If Christian men and women become Eucharistic people, hence capable of intercession and Eucharistic thanksgiving, they will bring good and peace to the cities. “The world stands by reason of the intercession of Christians”, Aristides wrote in his Apology. This intercession encompasses active solidarity, a loving companion that bears fruits for the entire polis

For a long time my generation experienced the Corpus Domini procession, with the monstrance and the holy canopy solemnly passed through the town streets, as the most significant symbolical image representing a specific presence of the Church in society. Now that, conversely, there are many who intend to impose State secularism, to the extent of excluding all forms of religiousness from the public sphere, thereby confining religious practice to the strictly private realm, there arises the need to rediscover new ways to bear witness to the faith in the community,  which includes the public sphere par excellence, namely, the city.

In fact, while the Holy Mass celebrates the mystery of the faith within a restricted community, Eucharistic life, the self-offering of Christian men and women, takes place inside the polis, with humankind. From the liturgy in the “Upper Hall” to its existence in the polis:

The one and only Eucharist is narrated, shown and lived.

It could be said that the celebration of the Eucharist occurs in the holy realm of the Church and in unity with the holy realm of the communion of saints and angels in the heavens, in the “Cenacle”, but it is directed to life in the polis, where the Eucharist brings its fruits. When Jesus died giving His life the city saw a man on the cross, whose execution was blasphemous, an anathema, outside the city gate (Cf. Heb. 13: 12-13). Yet in eschatological terms Luke saw that the crowd of people who had gathered to see that deed – in literal terms, that “contemplation” (theoría) – returned to the city beating their chests (Cf. Luke 23:48). When Eucharistic men die giving their life for their brothers – as the martyrs of our times – , when they die violently killed by the totalitarian city ever-present throughout the course of history, and in dying they forgive and invoke God’s forgiveness for their enemies; or when Eucharistic men and women humbly serve their brothers and sisters devoting to them their daily lives; when Christians choose the poor, the humble and the last, and in discerning them among the neighbour, they stand beside them to the point of sharing their suffering, they are paving the way and stirring the transformation of the city’s inhabitants. Why? Because they are narrating love, precisely as the Eucharist narrates love! After the washing of the feet, Jesus says: “By this everyone will know that you are My disciples, if you love one another” (John 13:35). It’s the Eucharistic witness to the “many” – the rabbim- turned into life, transformed into interpersonal and social relations. “Behold, he is coming with the skies, and every eye will see him” (Revelation 1:7): it’s Him, the Crucified Christ narrated by the Eucharist, the Christ narrated by the Cross.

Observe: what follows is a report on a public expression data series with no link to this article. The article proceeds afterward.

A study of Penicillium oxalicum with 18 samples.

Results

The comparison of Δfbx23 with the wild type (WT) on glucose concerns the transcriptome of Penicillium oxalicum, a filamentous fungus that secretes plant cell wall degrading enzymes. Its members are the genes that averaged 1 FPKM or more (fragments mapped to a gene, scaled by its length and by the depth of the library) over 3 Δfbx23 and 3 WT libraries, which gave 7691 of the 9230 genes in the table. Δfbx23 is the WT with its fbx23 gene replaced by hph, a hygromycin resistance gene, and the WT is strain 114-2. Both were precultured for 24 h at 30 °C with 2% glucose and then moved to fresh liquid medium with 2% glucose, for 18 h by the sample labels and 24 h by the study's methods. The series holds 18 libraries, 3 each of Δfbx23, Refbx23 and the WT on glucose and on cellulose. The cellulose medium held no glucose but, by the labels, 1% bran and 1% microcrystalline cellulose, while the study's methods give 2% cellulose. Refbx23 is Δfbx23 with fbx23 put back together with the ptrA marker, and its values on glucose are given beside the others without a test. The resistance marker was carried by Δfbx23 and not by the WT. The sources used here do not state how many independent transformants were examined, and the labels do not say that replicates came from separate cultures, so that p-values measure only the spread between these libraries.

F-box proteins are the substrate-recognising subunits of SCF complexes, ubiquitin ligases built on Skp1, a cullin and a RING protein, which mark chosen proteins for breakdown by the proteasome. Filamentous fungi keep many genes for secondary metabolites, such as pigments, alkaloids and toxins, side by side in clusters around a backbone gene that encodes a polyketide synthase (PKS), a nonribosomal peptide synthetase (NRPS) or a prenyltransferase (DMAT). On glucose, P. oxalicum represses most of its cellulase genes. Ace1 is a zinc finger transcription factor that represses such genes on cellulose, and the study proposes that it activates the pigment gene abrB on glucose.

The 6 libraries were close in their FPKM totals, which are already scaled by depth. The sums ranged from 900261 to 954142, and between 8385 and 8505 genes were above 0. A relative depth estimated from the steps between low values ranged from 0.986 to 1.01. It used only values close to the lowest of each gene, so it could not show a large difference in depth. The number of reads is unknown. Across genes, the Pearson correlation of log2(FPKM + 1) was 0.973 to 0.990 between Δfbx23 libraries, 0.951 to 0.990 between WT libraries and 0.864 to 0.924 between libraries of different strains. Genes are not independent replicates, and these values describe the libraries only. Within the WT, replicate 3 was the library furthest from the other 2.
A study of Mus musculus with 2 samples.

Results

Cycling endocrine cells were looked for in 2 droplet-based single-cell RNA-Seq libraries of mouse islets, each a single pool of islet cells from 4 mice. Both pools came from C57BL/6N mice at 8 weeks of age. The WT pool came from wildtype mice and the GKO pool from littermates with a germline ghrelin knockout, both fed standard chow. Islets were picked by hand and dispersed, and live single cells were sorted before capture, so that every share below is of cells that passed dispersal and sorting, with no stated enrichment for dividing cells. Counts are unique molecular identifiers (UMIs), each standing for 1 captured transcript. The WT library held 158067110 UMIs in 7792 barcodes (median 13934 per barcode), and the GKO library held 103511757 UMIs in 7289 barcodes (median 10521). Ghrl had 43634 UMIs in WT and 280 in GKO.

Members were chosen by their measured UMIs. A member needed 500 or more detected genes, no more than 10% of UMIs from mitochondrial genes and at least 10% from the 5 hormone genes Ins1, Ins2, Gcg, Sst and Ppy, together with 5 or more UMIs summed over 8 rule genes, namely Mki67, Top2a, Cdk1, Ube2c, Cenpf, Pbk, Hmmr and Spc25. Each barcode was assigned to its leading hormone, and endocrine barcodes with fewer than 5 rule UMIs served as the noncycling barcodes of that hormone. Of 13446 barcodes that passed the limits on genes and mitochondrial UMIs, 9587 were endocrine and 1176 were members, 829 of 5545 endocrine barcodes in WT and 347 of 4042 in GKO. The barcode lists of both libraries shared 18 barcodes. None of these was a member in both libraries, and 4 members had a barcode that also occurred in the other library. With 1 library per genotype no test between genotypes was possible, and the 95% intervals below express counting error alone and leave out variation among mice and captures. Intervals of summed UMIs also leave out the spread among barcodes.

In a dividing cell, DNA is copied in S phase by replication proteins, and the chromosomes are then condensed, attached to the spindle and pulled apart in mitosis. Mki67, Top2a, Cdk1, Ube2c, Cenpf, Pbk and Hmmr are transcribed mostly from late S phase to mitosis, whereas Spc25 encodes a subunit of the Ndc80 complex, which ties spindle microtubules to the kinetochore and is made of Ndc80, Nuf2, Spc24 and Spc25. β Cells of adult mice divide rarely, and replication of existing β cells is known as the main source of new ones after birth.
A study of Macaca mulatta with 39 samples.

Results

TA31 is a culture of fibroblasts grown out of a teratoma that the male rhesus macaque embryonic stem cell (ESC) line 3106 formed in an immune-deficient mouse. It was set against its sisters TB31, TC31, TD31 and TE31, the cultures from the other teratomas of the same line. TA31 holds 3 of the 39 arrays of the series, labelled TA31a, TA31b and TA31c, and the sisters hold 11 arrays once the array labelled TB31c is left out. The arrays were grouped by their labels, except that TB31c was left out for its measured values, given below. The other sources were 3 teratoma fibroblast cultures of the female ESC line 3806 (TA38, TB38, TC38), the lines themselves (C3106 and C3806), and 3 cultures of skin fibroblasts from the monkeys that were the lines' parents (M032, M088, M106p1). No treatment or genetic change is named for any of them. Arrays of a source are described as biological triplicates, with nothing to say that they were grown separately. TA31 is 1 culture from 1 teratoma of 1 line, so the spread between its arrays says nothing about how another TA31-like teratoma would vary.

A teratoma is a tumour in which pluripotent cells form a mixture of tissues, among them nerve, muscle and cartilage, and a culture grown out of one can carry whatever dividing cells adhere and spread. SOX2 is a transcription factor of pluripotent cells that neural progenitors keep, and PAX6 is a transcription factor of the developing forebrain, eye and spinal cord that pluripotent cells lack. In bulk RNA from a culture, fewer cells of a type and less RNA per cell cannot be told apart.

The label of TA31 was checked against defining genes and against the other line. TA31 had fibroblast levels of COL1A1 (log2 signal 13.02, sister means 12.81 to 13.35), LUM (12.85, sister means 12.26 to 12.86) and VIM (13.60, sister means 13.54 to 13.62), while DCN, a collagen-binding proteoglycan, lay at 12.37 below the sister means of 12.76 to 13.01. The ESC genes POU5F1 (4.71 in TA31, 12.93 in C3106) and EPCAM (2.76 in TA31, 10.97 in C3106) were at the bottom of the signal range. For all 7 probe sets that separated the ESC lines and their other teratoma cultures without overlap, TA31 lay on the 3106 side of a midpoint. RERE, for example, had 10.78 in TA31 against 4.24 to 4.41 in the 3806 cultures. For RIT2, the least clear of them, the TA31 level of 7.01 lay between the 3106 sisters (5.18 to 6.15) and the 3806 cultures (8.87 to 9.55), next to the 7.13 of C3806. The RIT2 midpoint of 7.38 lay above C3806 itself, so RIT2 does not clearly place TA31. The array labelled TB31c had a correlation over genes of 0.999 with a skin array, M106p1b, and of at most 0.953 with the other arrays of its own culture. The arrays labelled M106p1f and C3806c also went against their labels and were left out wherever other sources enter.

Now that cities are no longer only Christian (provided that they ever were), and they might appear as two very distant realities with no possibility of interaction, we must discern those attitudes and words that make communication not only possible, but also effective at a deep, secret level, without ostentation or gaudiness.

It occurs by virtue of the Eucharistic energies released through the death and resurrection of our Lord, narrated through the Eucharist. But it also occurs when as Christians we celebrate the Eucharist in truthfulness and seriousness, recognizing and worshipping our Lord, letting ourselves by shaped by the Eucharist in the image of Jesus Christ, living as He has lived! He went about doing good, Peter reminds us (Cf. Acts 10:38), hence those who live a Eucharistic form of Christian life in the city, among their contemporaries, are doing good. Ignatius of Antioch wrote: The Christian is not the result of persuasion, but of power!”; it must not be flaunted, it must be lived! If Christian men and women become Eucharistic people, hence capable of intercession and Eucharistic thanksgiving, they will bring good and peace to the city. “The world stands by reason of the intercession of Christians”,  Aristides wrote in his Apology. Indeed, this intercession is also a form of active solidarity, a loving companion that bears fruits for the entire polis.